The Andrews Labor Government headlines scream ‘$730 Million To Fix Our Schools And Keep Our Kids Safe’
(source: http://www.premier.vic.gov.au/730-million-to-fix-our-schools-and-keep-our-kids-safe) and then puts them directly in the line of fire.
The Victorian Government is falling way behind other states, when it comes to supporting Australian manufacturing, providing taxpayers with the best possible value, but most importantly ensuring the health and safety of school students.
There is no requirement for Victorian schools to take into consideration risk assessments in regard to Volatile Organic Compounds (VOC’s) or other known carcinogens or irritants such as formaldehyde.
Both the Queensland Government’s DETE SOA-100749 Provision of School Furniture contract and Western Australia’s CUAFRN-Supply Arrangement 3 (Part 1) contract have created a mandate that products going into government schools be manufactured to meet Australian Standards. Another requirement of these contracts is the independent testing and certification (such as by GECA) to ensure products do not contain hazardous substances and materials. Despite there being an Australian Standard, AS/NZS 4610 School Furniture: Strength, Stability and Durability, there is no current requirement to meet this standard in Victoria.
‘The most disappointing aspect of all this is the way the *PPP’s are being handled in Victoria,’ says Tony Rogers, Director of Woods Furniture, one of Australia’s largest education furniture manufacturers.
PPP is a public–private partnership. The private sector will be responsible for the finance, design, construction, and maintenance of the new schools in Victoria over a 25 year period. The State will retain school ownership and responsibility for delivering educational services.)
‘Woods, and other Australian manufacturers, contributed significant time and expertise working with the consortium selected by the Andrews Labor Government to build and furnish local schools for the first roll out of the PPP. This consortium then opted for the cheapest possible options, taking our designs and specification to importers and having replications produced in China,’ he said.
‘Under the PPP scheme the selected consortium is responsible for the maintenance of these Victorian schools for a 25 year period,’ explains Patrizia Torelli, CEO of the Australian Furniture Association. ‘The AFA has repeatedly requested meetings with the relevant Ministers to discuss the risks associated with recent purchasing decisions, both from an economic and health & safety perspective, but we have been handballed from one Department to another for many months. The lack of access to Government by a major industry sector is unacceptable.’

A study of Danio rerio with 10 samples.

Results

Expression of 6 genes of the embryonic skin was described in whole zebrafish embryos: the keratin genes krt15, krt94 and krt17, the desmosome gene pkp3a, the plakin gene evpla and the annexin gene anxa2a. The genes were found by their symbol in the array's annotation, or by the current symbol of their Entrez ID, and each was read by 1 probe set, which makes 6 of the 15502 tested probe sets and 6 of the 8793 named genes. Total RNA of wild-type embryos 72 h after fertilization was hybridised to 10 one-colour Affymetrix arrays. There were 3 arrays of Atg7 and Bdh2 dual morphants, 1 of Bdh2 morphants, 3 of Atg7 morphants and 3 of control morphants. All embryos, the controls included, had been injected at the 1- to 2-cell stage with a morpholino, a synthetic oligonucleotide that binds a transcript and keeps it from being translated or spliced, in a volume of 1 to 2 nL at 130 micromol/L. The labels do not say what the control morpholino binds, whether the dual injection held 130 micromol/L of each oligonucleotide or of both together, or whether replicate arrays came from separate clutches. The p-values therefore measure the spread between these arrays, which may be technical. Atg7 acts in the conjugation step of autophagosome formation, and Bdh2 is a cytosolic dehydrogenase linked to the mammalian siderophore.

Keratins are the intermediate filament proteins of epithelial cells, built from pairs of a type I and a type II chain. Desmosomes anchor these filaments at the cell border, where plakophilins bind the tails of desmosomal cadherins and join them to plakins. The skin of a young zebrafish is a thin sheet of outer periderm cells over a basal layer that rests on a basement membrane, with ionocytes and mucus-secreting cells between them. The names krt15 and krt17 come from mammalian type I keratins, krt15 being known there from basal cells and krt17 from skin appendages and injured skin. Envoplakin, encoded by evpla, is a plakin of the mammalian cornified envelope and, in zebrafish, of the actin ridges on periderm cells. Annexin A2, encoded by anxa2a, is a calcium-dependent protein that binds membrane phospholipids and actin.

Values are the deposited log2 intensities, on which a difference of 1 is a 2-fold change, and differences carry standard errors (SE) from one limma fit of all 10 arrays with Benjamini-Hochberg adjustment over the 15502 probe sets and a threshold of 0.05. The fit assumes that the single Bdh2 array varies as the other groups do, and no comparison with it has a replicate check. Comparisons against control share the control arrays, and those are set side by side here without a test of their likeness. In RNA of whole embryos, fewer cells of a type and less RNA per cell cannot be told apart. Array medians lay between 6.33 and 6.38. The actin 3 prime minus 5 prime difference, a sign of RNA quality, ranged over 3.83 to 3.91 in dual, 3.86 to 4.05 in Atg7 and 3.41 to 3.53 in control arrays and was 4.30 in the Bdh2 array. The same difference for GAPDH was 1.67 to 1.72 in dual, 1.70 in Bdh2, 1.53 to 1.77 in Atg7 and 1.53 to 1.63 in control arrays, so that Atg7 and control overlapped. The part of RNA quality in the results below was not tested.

AFA Members spend significant time and money each year further educating and training staff, designing new products, testing to standards, and committing to business growth and employment within Victoria.
Due to the flood of cheap imports that do not meet standards entering the market the real risk for the furniture industry in the demise of yet another sector of manufacturing that in sheer numbers mirrors that of the automotive industry.
The lack of the Victorian Governments commitment to Australian Furniture Standards and Environmental Standards being met in Victorian schools has seen Victorian sales drop from approximately 65% of overall national sales to below 35% over the past 10 years.
‘To add insult to injury schools are contacting our Members regarding warranty claims when the products fail, only to realise they have been provided with an inferior copy which is failing within the classroom environment instead of the quality product that meets Australian standards,’ says Ms Torelli. ‘They then have to dip into their discretionary funds to replace the items, often in large quantities. This can’t possibly be considered a good use of taxpayers’ money, whichever way you do the maths.’
The next round of PPP’s are currently being rolled out, and it appears the same decision making process is being applied. While a different consortium has been selected, first indications are the furniture procurement will be purely based on price and that the cheapest quote will be accepted. In addition the organisation responsible for specifying the furniture for Victorian schools is based in NSW further increasing costs for Victorian companies to do business.
Queensland and Western Australia now make up 45% of education furniture sales for Victorian companies. This is no coincidence given that these State Governments require products to meet the relevant standards.
‘Detailed information was supplied to Ministers of the previous Victorian Liberal Government to no avail,’ says Ms Torelli. ‘We believe this is the perfect opportunity for the current government to take control of the situation and implement procedures that not only support local manufacturers, but also ensure the health and safety of our children. What we ask is that all suppliers of educational furniture to Victorian schools be required to meet the same strict criteria adhered to by Australian manufacturers. Not just for the benefit of the industry and the economy, but for the benefit and well-being of Victorian school children,’ she concludes.